Did you see the reports on the violence at the campus of UC Santa Barbara? This past Monday, 4/7, the annual “Deltopia” party got out of control, resulting in injuries, destruction, and arrests. Hopefully, change will come of all the hand-wringing, blame-laying, and general cleanup that has come in the fiasco’s wake.
I haven’t been able to stop thinking about this sad news. Many college campuses have similar rituals. If you’ve read Don Miller’s brilliant book, “Blue Like Jazz“, you know all about Renn Fayre at Reed College in Oregon. At my almost mater, we had something called Spree Day. Classes were cancelled and partying became the order of the day. (This was before the word “partying” became synonymous with sex, drugs, booze, and nothing more.) These events are meant to allow students, either before or after the pressure of tests and projects, to let off a little steam.
As if life is so hard for American college students.
The funny thing is that, a couple of months ago, I had the privilege of visiting and biking around the UCSB campus. It’s darn close to paradise. It’s a gorgeous campus overflowing with social and educational opportunities. There are dorm rooms that overlook the Pacific coast with a view most people will never know. When the occupants of those rooms open their windows, they hear the surf and feel the breeze gliding off the ocean.
Oh, yeah, and it’s pretty much 72 degrees year round. I wanted to enroll then and there.
As I rode around that utopia, I wondered whether the students there had any idea of how fortunate they are.
The truth is that students on American college campuses (and UCSB, more than most) could be the single most privileged class of people on the face of the earth – maybe in the history of the world. What they (and maybe all of us) should be doing is setting aside a day (a week, a month, forever) to drop to our knees and thank the Living God for the undeserved blessings He has showered upon us.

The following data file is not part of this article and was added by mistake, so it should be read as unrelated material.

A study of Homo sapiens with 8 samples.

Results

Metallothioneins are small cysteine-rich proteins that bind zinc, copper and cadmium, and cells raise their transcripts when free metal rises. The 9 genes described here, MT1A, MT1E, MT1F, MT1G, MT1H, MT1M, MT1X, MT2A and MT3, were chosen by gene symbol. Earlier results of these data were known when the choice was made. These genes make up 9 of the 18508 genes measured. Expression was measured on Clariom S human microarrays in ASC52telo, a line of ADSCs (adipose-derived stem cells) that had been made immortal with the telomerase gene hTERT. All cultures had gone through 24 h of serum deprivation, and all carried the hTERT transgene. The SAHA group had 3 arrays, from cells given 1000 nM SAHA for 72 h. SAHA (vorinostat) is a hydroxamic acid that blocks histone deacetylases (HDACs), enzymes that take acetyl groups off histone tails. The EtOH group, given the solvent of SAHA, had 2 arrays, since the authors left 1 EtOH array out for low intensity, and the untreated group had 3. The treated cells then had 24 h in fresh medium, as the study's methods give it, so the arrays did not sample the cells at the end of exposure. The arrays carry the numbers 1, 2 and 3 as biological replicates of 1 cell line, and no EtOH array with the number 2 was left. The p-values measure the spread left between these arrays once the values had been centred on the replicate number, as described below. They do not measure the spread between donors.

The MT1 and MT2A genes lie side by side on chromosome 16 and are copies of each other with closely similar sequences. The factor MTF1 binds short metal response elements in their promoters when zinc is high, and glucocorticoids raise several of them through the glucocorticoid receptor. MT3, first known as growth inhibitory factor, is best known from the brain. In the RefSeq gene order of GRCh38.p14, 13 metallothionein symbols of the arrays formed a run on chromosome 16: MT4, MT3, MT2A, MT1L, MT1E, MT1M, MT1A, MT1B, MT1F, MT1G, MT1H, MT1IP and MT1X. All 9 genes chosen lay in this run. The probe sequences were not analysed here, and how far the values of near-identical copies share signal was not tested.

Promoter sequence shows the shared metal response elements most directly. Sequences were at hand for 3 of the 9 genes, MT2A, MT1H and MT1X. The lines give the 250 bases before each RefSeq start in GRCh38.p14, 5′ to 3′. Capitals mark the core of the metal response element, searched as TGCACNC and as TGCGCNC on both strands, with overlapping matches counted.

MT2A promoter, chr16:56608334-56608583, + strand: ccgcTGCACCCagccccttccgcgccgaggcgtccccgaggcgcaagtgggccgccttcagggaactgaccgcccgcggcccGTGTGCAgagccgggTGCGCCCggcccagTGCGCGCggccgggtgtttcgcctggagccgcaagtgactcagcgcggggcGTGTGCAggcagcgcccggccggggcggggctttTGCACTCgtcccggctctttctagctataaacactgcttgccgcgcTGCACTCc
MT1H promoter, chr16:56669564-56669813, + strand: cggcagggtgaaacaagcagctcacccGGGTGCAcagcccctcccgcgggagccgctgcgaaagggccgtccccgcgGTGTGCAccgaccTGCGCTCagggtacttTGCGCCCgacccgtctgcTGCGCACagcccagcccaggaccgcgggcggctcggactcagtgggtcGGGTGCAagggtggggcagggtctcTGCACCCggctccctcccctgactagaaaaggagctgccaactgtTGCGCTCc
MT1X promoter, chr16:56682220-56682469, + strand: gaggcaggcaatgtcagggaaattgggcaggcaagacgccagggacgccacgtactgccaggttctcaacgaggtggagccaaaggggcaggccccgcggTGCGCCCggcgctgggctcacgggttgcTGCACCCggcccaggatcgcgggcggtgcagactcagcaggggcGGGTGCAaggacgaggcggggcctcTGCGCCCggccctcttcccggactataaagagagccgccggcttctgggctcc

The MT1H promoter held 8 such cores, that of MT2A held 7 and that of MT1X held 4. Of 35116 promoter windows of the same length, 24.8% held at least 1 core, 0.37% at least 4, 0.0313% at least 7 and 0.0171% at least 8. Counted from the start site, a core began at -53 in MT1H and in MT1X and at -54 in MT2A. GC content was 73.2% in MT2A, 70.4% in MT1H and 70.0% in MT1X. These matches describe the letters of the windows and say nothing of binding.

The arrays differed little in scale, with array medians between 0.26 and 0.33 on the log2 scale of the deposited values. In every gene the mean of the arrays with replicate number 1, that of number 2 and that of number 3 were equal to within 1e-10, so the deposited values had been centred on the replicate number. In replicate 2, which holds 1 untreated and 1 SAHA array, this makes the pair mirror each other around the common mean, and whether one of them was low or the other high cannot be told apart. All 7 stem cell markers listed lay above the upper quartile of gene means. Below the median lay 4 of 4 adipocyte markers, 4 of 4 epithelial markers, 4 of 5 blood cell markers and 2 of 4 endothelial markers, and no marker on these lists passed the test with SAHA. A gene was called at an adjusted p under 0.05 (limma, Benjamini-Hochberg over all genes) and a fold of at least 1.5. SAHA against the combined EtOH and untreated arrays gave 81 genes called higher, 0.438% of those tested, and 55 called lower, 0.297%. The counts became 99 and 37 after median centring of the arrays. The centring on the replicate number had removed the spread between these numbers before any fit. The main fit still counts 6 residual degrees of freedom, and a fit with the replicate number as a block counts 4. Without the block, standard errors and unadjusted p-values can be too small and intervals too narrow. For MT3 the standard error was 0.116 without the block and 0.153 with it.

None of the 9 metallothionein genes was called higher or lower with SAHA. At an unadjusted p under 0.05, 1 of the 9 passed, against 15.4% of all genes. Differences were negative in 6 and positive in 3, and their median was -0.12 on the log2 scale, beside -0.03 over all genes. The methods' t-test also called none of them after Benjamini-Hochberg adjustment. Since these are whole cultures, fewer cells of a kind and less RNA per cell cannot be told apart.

I realize that not every student, or person for that matter, recognizes God as the source of these blessings. But blessings they are and, one way or another, most come from outside the beneficiary. If you choose not to give thanks to God, pick one or all of these:
- Thank the parents who pay most of the bills.
- Thank the government that often subsidizes (especially at UCSB) the cost of education.
- Thank the taxpayers who foot the bill for those subsidies.
- Thank the teachers who pour their hearts and souls into educating students.
- Thank the people who simply show support with love and assistance when needed.
Can there be any other reasonable response to such gifts than gratitude? It’s a duty, yet a joy, paying dividends far greater and for far longer than getting drunk for a day and throwing rocks at police.
Why not start a new tradition? Gratitude Day. Pray, write thank you notes, help others. Do anything to take the eyes off the self – where all these problems begin – and gratefully recognize the interconnectedness of each of us.
There’s little chance of that tradition devolving into riot.